KIEV -- Secretary of State John Kerry said late Wednesday it would be a grave mistake for Russia to send troops into neighboring Ukraine. Last weekend, the Ukrainian president was toppled by violent protests, and on Wednesday, Russia unexpectedly mobilized troops near the border in what it calls a training exercise.
Ukraine's opposition leaders chose Independence Square -- the center of the revolution -- to introduce the country's new government Wednesday -- to booing from some of the crowd. Parliament must ratify the new ministers Thursday, but for some, there were too many familiar faces on stage.
"People are angry, especially these days, people are very angry," Katerina, a 27-year-old teacher, told CBS News.
Ukraine's ousted president, Viktor Yanukovich, fled the capital five days ago, following a week of violence in which 80 protesters were killed. Now the country is trying to move forward.
But it won't be easy. Ukraine is almost bankrupt; it needs $35 billion over the next two years.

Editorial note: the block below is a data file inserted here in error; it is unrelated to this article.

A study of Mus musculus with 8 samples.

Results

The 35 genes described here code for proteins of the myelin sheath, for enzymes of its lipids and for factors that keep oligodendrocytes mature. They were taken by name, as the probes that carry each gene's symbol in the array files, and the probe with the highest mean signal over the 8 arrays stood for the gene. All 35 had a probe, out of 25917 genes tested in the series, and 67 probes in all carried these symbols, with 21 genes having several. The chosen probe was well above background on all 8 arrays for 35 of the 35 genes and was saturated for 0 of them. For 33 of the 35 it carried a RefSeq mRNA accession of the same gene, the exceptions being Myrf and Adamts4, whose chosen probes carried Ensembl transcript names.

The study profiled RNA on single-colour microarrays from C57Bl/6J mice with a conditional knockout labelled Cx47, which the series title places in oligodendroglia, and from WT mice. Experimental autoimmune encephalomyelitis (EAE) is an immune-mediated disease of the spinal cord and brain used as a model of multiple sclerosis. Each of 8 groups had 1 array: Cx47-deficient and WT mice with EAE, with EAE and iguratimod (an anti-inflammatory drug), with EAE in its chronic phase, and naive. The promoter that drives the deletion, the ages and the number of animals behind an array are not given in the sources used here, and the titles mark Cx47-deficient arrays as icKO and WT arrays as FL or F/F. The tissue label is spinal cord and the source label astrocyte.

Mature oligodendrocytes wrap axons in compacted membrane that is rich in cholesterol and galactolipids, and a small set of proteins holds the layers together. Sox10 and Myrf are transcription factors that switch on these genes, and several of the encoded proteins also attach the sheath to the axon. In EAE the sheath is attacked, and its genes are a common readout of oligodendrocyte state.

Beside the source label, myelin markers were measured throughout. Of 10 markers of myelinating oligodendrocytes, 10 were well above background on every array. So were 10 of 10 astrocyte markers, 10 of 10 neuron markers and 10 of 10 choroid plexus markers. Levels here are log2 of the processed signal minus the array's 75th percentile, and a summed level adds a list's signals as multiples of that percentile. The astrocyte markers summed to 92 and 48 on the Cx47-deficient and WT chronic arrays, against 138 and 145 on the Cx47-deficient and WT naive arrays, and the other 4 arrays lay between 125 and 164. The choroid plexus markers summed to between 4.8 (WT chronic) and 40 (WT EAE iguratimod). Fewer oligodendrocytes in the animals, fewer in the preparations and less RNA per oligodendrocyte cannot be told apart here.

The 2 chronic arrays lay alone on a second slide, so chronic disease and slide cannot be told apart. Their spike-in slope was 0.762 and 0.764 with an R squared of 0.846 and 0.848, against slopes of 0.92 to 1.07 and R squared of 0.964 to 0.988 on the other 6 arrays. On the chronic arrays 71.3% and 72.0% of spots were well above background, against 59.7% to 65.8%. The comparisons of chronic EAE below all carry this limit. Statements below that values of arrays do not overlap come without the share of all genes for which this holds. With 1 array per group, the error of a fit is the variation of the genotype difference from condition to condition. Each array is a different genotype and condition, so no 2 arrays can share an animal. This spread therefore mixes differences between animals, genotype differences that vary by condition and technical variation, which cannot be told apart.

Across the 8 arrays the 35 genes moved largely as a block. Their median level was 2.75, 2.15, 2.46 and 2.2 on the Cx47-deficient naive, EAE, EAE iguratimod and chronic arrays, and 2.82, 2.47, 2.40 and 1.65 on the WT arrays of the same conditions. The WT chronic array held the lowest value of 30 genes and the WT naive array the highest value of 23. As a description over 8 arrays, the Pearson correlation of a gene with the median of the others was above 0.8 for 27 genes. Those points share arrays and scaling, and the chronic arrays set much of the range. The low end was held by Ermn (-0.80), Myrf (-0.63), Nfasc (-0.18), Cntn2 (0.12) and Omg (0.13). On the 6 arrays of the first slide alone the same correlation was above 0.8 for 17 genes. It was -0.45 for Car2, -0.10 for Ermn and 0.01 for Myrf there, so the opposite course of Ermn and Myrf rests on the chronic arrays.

So far, Russia has refused to recognize the country's new leaders, and President Vladimir Putin's decision to put Russian troops on Ukraine's border has raised fears that Russia will try to intervene in Ukraine's politics.
In the Crimea region in the south of the country, also home to a large Russian naval base, clashes broke out. "Crimea is not Russia," one group chanted. At least one protester was killed.
Back in Independence Square, Katerina had a stark message for Putin.
"Leave Ukraine alone," she said. "Leave Ukraine. Leave our people to make our future. Don't disturb us anymore."
The value of Ukraine's currency has been dropping like a stone, and on Wednesday, it hit a 10-year low. It has decreased nearly 20 percent just in the last month alone. What this underscores is how serious this crisis is, and the new leaders who were up on stage Wednesday are going to face some tough choices. The economic reforms the country needs to survive are going to be very painful and very unpopular.